About Roy Underhill
"Knowledge is one thing; understanding is another. Wood responds to the hands of man in somewhat predictable ways. And the response of wood to the steel blade forms patterns in human behavior. We are creators and teachers. The confidence of humankind is based not on superior strength or speed but on our abilities to shape the materials of our environment and to communicate our experiences. With each swing of the axe, each joining of the wood, you build and preserve within you the living memory of this timeless trade. The satisfaction you gain is well deserved." —Roy Underhill
Excerpted from Woodshop News, by A.J. Hamler
Being interested in old tools is something that began when Underhill was growing up in Washington, D.C., where an older sister worked at the Smithsonian Institution. "At the time, I thought that was what adults did for a living," he said of her involvement with American artifacts. "Only later did I discover that there was not a lot of call for broadax skills." After graduating from the University of North Carolina at Chapel Hill, Underhill and his wife moved to the Southwest in the early 1970s to pursue a career in theater. When that didn't work out, a subsequent move led to a rekindling of his interest in traditional tools and woodworking.
"My wife and I were living in the mountains of northern New Mexico, nearly 17 miles from the nearest electrical line," he said. "If you wanted to do something up there, you did it with whatever you brought with you." Underhill said the forced independence of living in a remote area of the mountains and doing "the homesteading thing," in addition to the environmental issues of appropriate technology, firmly established his love for the highly efficient tools of the past.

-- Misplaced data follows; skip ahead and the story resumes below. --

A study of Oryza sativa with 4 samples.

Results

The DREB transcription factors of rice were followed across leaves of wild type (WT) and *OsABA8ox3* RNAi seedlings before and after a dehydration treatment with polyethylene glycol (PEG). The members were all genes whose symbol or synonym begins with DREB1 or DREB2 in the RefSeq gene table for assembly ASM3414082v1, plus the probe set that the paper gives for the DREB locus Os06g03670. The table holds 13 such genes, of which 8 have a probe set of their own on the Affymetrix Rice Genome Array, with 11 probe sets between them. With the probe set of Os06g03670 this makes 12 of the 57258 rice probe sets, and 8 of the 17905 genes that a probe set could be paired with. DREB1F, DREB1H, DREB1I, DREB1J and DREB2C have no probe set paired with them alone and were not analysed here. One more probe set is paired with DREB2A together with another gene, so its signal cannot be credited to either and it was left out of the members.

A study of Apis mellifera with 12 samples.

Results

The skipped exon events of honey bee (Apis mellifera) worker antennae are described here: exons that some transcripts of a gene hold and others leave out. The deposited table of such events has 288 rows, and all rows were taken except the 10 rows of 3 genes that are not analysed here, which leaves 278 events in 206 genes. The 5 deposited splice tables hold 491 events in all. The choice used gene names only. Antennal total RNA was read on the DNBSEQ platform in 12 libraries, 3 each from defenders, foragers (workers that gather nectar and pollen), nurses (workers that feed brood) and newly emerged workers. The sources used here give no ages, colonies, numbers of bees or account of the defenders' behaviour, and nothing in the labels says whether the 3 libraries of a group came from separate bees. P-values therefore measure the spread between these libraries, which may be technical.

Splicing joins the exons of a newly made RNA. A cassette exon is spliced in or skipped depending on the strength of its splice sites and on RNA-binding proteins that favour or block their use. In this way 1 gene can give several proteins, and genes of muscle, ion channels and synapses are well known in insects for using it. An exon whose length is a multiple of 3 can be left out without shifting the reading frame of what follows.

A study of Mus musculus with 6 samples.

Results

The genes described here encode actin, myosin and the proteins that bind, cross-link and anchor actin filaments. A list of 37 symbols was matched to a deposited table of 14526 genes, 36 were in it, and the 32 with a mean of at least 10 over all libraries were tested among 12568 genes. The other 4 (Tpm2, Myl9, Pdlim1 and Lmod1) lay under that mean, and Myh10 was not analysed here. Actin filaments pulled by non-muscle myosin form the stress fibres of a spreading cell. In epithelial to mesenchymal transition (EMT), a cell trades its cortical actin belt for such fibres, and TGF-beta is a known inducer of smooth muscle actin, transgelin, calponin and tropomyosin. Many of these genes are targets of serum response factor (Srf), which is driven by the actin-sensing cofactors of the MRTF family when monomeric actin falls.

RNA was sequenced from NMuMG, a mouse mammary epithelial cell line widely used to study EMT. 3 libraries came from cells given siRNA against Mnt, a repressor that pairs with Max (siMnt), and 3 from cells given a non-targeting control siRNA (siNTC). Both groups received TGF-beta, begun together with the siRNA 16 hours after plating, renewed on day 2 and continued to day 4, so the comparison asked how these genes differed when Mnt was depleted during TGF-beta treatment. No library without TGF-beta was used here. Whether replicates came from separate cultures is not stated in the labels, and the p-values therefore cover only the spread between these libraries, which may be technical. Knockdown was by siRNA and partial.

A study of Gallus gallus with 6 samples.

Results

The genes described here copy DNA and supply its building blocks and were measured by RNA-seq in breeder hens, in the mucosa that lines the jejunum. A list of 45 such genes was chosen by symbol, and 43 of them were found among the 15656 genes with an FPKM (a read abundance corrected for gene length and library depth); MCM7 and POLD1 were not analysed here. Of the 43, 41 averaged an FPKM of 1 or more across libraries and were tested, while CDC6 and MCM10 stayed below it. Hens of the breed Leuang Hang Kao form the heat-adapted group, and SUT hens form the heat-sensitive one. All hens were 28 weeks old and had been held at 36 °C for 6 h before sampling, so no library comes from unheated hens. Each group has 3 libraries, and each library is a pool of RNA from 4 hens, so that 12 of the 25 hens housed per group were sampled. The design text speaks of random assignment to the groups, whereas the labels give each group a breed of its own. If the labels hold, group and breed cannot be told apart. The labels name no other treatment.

Underhill returned East a few years later to further develop his woodworking knowledge, and studied colonial American technology at Duke University in Durham, N.C. While he dabbled in both woodworking and blacksmithing following graduation, it was the birth of his first daughter that prompted Underhill to look for permanent work.
Drawing on his theater background, Underhill put together a proposal for a woodworking show and took it to the University of North Carolina Center for Public Television. He was rejected, but a second try in 1978 led to the taping of the first 13 episodes of The Woodwright's Shop. Initially airing only on PBS stations in North Carolina beginning in 1979, the show went national two years later.
At about the same time his television show was catching on, Underhill moved to Williamsburg, Va., to accept the position of master housewright at Colonial Williamsburg, where he also served as director of interpretive development.